Rating neighborhoods for older adult health: results from the African American Health study

Elena M Andresen1*, Theodore K Malmstrom2, Fredric D Wolinsky34, Mario Schootman5, J Philip Miller6 and Douglas K Miller78

Author Affiliations

1 Department of Epidemiology and Biostatistics, College of Public Health and Health Professions, University of Florida Health Sciences Center, PO Box 100231 Gainesville, FL 32610, USA

2 Department of Neurology & Psychiatry, School of Medicine, Saint Louis University, 1438 South Grand Boulevard, St. Louis, MO 63104, USA

3 Iowa City Veterans Affairs Medical Center, Highway 6 West, Iowa City, Iowa 52246, USA

4 Department of Health Management and Policy, College of Public Health, University of Iowa, 200 Hawkins Drive, E205 General Hospital, Iowa City, Iowa 52242, USA

5 Departments of Medicine and Pediatrics, School of Medicine, Washington University, Campus Box 8504, 660 South Euclid Avenue, St. Louis, MO 63110, USA

6 Division of Biostatistics, School of Medicine, Washington University, Campus Box 8067, 660 South Euclid Avenue, St. Louis, MO 63110, USA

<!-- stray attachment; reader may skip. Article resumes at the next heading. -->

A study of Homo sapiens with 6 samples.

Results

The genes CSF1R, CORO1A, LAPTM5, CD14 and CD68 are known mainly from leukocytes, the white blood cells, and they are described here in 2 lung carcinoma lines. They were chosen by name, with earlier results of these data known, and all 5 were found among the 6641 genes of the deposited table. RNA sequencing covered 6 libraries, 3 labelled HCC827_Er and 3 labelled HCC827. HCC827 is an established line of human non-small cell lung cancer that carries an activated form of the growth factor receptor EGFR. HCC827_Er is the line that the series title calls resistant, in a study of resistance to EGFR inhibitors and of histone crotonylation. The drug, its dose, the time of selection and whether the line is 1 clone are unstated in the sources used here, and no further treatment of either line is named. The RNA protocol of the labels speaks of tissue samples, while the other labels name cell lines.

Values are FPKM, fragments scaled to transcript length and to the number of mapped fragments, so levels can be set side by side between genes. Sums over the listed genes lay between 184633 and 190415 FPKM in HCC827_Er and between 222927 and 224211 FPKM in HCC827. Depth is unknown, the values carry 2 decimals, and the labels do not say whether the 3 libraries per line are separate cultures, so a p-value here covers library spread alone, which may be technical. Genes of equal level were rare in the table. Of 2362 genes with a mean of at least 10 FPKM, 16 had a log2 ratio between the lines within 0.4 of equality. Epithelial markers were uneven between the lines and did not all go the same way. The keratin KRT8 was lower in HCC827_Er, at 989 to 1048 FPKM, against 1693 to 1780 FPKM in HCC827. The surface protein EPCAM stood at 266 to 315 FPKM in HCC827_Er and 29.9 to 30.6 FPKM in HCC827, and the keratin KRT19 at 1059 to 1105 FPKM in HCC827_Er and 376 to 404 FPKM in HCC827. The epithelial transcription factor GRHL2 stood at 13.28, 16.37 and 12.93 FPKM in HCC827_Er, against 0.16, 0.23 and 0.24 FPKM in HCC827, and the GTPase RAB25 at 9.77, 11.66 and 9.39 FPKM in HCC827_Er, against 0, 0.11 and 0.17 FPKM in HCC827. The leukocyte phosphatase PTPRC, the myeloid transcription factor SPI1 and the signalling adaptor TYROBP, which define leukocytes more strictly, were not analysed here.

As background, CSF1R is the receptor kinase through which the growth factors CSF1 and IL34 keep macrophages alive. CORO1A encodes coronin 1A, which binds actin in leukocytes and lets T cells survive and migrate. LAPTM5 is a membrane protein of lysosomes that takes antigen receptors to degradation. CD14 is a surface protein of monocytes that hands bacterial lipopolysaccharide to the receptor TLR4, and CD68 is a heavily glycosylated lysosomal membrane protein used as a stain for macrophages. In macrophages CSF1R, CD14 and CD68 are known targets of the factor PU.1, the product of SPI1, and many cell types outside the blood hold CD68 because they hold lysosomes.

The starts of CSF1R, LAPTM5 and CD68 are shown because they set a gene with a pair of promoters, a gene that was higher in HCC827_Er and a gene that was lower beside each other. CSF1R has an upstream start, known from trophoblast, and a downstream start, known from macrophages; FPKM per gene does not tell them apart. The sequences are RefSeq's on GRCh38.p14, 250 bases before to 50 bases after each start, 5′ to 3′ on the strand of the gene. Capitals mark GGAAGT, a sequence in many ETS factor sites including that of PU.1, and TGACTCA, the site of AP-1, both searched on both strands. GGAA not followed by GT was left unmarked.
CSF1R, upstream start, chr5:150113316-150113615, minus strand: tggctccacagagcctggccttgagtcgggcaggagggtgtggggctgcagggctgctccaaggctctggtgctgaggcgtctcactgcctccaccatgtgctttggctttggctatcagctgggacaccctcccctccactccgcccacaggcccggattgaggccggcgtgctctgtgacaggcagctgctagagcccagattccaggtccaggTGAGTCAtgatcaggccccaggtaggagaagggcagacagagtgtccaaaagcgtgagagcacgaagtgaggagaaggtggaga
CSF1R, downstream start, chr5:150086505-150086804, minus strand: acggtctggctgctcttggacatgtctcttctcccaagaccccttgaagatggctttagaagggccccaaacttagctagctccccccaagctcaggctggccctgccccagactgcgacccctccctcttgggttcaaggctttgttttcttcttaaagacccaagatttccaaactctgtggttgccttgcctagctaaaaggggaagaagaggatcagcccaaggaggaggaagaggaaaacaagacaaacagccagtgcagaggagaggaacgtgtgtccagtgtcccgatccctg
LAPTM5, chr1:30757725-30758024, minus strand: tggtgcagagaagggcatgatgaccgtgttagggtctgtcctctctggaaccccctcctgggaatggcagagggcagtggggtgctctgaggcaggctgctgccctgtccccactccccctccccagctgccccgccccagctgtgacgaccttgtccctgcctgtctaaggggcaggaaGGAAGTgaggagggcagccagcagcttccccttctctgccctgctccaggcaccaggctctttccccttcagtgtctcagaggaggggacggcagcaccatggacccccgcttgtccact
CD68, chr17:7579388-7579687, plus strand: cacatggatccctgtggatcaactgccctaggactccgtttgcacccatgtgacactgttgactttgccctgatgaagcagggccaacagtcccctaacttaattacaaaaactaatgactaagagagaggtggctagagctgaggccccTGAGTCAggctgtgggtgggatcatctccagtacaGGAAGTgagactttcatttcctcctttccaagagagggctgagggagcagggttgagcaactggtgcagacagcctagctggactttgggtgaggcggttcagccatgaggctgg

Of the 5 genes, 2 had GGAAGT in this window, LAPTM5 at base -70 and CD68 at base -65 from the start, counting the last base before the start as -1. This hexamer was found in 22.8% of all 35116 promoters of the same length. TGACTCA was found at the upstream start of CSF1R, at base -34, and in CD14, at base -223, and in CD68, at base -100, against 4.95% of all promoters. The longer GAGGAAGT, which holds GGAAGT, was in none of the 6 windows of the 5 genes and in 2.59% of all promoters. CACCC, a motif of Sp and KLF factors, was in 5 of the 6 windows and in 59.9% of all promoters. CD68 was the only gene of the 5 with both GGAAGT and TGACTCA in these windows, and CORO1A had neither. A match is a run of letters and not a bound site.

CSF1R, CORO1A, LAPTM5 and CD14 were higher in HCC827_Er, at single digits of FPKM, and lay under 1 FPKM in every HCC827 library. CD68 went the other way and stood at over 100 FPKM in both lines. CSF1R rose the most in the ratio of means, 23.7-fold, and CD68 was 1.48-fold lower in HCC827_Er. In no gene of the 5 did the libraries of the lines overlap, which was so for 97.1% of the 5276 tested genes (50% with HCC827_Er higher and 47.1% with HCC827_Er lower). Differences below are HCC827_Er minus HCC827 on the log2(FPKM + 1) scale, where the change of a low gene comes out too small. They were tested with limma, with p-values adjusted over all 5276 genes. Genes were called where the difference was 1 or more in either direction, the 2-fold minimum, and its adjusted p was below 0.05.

7 Indiana University Center for Aging Research, School of Medicine, Indiana University, IN, USA

8 Regenstrief Institute, Inc., 410 West 10th Street, Suite 2000, Indianapolis, IN 46202, USA


Published: 25 January 2008

Abstract

Background

Social theories suggest that neighborhood quality affects health. Observer ratings of neighborhoods should be subjected to psychometric tests.

Methods

African American Health (AAH) study subjects were selected from two diverse St. Louis metropolitan catchment areas. Interviewers rated streets and block faces for 816 households. Items and a summary scale were compared across catchment areas and to the resident respondents' global neighborhood assessments.

Results

Individual items and the scale were strongly associated with both the catchment area and respondent assessments. Ratings based on both block faces did not improve those based on a single block face. Substantial interviewer effects were observed despite strong discriminant and concurrent validity.

Conclusion

Observer ratings show promise in understanding the effect of neighborhood on health outcomes. The AAH Neighborhood Assessment Scale and other rating systems should be tested further in diverse settings.